Grow, Gift, Repair

Politico article on equity

Massachusetts’ problem, though, goes beyond cities not wanting pot on their turf. The lack of state oversight of host community agreements has resulted in corruption and groups shut out of the licensing process.

Now the Commonwealth is working on a fix: A bill that would give the Cannabis Commission the ability to review host community agreements advanced out of committee in January.

Host community agreements are a five-year contract between the business owner and the town that requires the cannabis business to pay up to 3 percent of its gross annual income back to the town for any extra costs the town may incur. That “community impact fee,” though, has been misused in so many towns that the federal government has launched a criminal probe.

In August 2018, the Boston Globe reported that many host community agreements were potentially violating state law. In January 2019, the Massachusetts Grower Advocacy Council told state regulators that 79 percent of the host community agreements they reviewed in the state “require marijuana establishments to pay annual contributions to the town that either plainly violate the statutory terms or may result in unlawful community impact fees.” Last week, public radio station WGBH reported that out of approximately 500 community agreements, 314 went beyond the limits set by the state.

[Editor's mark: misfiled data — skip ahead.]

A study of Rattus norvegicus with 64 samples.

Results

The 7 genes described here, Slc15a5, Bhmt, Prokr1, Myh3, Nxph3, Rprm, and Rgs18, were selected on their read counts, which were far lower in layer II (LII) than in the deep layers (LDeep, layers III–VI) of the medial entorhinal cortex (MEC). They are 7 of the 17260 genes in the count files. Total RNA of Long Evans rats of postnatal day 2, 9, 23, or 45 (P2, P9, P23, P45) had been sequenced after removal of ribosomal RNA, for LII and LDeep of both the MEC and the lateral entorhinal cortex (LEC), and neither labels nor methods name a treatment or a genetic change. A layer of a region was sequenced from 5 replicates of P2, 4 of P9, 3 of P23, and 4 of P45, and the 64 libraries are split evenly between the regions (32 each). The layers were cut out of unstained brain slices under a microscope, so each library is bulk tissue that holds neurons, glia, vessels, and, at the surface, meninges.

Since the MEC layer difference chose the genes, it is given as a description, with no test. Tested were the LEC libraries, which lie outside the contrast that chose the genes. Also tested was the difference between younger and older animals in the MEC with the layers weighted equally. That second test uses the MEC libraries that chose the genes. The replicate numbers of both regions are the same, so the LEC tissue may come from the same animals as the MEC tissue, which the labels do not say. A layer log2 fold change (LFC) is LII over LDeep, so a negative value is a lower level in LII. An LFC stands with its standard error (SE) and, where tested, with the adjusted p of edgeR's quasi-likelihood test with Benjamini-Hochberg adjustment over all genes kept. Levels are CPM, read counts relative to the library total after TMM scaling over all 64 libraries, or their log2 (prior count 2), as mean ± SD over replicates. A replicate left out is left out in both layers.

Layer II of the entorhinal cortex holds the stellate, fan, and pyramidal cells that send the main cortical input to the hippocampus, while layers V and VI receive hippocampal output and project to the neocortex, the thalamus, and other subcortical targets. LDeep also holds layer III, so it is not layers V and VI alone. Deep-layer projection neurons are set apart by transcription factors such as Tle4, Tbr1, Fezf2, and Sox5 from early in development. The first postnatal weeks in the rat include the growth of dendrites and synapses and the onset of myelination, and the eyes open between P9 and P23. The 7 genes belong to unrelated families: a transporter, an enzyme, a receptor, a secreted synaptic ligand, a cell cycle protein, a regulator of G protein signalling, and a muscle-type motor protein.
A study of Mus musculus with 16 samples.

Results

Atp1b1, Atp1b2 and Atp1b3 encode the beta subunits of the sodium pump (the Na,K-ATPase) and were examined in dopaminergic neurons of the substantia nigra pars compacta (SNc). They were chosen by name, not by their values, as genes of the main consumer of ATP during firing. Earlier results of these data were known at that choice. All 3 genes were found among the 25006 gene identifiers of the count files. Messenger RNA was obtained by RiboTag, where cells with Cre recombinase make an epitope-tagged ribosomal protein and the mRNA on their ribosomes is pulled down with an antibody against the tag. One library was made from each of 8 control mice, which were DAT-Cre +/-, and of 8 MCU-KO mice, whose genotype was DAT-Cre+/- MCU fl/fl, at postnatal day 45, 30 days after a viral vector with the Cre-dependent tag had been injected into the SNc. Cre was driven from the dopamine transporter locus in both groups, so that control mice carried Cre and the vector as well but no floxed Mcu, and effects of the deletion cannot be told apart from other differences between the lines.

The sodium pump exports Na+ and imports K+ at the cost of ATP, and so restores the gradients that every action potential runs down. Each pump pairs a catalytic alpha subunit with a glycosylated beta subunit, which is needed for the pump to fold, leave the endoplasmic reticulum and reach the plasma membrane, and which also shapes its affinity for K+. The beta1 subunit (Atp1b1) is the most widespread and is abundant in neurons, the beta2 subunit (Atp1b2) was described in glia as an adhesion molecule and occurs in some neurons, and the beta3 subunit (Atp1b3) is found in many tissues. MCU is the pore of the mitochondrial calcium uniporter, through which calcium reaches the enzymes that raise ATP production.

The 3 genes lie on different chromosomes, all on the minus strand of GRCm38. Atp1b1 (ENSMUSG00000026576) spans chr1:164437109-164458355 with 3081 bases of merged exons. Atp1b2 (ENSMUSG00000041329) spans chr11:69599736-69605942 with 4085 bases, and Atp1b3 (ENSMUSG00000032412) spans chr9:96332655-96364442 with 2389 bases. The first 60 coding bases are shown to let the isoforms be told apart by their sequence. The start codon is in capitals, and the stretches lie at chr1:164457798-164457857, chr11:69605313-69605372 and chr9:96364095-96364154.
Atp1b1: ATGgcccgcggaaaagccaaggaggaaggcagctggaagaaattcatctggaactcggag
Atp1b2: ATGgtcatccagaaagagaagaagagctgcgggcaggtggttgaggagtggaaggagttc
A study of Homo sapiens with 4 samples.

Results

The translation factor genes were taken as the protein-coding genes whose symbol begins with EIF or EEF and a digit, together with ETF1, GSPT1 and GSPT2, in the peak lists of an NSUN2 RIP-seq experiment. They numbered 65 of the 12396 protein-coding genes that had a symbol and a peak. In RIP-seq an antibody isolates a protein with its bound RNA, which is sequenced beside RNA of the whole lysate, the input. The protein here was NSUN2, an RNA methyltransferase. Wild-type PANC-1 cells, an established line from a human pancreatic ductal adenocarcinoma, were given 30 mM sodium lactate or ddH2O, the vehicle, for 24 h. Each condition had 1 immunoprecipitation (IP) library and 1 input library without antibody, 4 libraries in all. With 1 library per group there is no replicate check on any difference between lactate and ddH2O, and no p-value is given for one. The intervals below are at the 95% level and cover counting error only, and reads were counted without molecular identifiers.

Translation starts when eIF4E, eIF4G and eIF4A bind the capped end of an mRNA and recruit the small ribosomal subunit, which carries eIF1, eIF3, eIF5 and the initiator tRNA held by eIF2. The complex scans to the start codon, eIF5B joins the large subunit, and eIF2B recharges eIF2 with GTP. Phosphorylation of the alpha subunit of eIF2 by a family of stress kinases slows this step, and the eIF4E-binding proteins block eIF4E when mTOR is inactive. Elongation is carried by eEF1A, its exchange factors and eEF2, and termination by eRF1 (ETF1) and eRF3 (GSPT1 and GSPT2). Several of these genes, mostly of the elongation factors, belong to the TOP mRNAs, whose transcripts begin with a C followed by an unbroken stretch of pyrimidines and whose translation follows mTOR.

In November, U.S. Attorney Andrew Lelling convened a grand jury to investigate corruption connected to the issuance of local cannabis licenses.

MGAC’s Peter Bernard said that these additional payments have included everything from one-time fees of $90,000 to the city and local charities, to purchasing the city a new snow plow. Bernard said that these extra fees mean out-of-state operators can come in with deeper pockets and the ability to offer city governments more than smaller, local businesses.